Great food and drink photography is critical for restaurants today, as eye-catching imagery is required to promote their drinks and food on their websites, Yelp and social media. But you don’t have to be a restaurateur of foodie to appreciate a gorgeous image of a cocktail.
Simply pointing your phone’s camera at a dish and snapping a photo often leads to bland, unappetizing results, however. I spoke with food photographer David Schub of Schub Studios in the Los Angeles area to get a better idea for what goes into capturing perfect food photos, and how people can achieve them without all the expensive equipment.
How do you shoot beverages to highlight their unique characteristics?
Photographing drinks and cocktails is another art in itself. A good image of a drink should also evoke some kind of emotion.
Think about the style of how you want the drink and the props shot. How do you want to capture the drink? Do you want it bright on a white backdrop, or do you want it dark and moody with less light with the back of the bar as a backdrop? How do you want to present your drink for customers to see?
Every drink, cocktail and beer has a specific glass, whether a stein glass, a tumbler, a wine glass or Martini glass—you get the idea. Not only do you want to highlight the drink, but also you want to highlight the glass.
Tell a story with props, including a garnish, such as a cherry, olive or lime, and even include a bottle opener with the cork to the side. There are tricks to make a beer more bubbly (add a bit of dish soap), and to give the mug more condensation (spray glycerine on the outside of the glass).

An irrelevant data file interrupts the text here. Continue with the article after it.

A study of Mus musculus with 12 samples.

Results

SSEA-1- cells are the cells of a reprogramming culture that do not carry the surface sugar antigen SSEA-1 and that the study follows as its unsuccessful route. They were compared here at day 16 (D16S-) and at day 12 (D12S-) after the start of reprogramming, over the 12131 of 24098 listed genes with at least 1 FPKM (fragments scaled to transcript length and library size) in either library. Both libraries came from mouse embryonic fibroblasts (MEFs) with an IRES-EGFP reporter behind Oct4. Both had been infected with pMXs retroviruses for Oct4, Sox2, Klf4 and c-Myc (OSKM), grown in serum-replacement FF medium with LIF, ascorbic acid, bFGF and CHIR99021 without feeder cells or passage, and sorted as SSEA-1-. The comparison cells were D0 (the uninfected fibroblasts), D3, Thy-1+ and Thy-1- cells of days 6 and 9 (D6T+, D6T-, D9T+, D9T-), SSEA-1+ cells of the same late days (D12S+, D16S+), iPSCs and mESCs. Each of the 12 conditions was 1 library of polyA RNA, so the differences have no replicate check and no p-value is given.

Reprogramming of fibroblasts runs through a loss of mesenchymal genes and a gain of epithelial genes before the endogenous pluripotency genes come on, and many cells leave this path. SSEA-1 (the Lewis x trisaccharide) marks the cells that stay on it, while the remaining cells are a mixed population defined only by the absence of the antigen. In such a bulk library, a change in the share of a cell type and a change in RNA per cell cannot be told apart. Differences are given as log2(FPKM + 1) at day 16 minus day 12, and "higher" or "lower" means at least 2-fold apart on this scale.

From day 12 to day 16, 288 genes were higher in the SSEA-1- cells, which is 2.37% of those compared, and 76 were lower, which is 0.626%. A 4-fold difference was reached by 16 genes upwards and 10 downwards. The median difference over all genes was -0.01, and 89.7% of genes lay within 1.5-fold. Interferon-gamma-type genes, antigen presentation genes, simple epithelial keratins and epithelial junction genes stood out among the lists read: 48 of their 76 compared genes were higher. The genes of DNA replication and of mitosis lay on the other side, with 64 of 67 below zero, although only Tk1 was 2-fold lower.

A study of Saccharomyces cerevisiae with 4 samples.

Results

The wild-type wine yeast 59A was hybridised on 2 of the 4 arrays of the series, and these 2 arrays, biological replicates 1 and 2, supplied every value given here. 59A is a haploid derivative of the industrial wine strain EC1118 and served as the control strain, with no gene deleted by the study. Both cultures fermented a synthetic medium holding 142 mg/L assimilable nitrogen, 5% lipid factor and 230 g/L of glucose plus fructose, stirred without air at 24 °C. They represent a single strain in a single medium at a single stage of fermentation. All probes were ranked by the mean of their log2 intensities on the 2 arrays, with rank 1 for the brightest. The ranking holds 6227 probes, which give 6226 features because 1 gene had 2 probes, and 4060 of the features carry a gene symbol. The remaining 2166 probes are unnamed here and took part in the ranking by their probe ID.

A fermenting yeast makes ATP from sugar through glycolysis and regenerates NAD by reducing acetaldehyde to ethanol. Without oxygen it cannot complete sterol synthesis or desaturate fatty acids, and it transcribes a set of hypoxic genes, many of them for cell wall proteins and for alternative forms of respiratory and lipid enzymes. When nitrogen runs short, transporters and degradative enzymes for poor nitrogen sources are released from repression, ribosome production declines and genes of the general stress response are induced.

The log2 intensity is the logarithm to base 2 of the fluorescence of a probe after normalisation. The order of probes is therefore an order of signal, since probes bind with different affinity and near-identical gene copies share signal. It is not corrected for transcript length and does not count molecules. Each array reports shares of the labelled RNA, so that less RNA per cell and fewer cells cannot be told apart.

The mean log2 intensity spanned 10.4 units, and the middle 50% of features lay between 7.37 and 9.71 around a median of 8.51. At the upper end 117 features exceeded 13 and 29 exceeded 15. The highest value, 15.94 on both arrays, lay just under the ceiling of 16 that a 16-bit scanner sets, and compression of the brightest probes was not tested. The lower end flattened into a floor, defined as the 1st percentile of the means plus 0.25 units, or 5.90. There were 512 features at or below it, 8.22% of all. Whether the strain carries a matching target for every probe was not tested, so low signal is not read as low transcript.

Why is high-quality food photography important?
Great food photography is supposed to evoke your senses—your sense of sight, smell and, of course, tastebuds. The curves, shadows and grill marks of the food item I photograph, I want to make it look like you can eat it off the menu or website.
What’s plating, and how do you do it well?
Plating is how you arrange the food on the plate to create the best, most appetizing picture. For example, take a hamburger and fries. You want the burger to be the hero and make that stand out rather than the fries.
The color of the food on the plate is also important. There are the colors of food on the plate that will either complement or contrast each other. So warm colors such as reds and yellows can be paired with cool colors on the other side of the spectrum, like blues and greens.
How do you light your shoots?
To me, less is better: I don’t need three lights. I use one light with an umbrella on it and then a stand with a reflector.
I find an area away from the windows without much natural light. That way, I can control the direction of light with my lights and use a reflector. I also don’t need to worry about the time of day and the sun.
If you don’t have specific lighting equipment, use natural light. You have less control, but light from a window will generally look better than light from an overhead bulb.
A white foam board or lining a foam board with foil is a cheap and effective way to reflect light onto your dish from the opposite side.
What do you think about when composing a photo?
My first rule is to keep it simple. Don’t overdo it. Beyond that, I always try to incorporate the rule of thirds. The rule of thirds basically splits a photo into thirds, both horizontally and vertically, to create a grid of nine squares.
Think of a tic-toe-board. Where those lines intersect are the four points of interest.
That’s where people’s eyes are drawn, which is important to keep in mind when deciding where to position the food in the shot.
Mark Plumlee is senior editor at online menu service MustHaveMenus.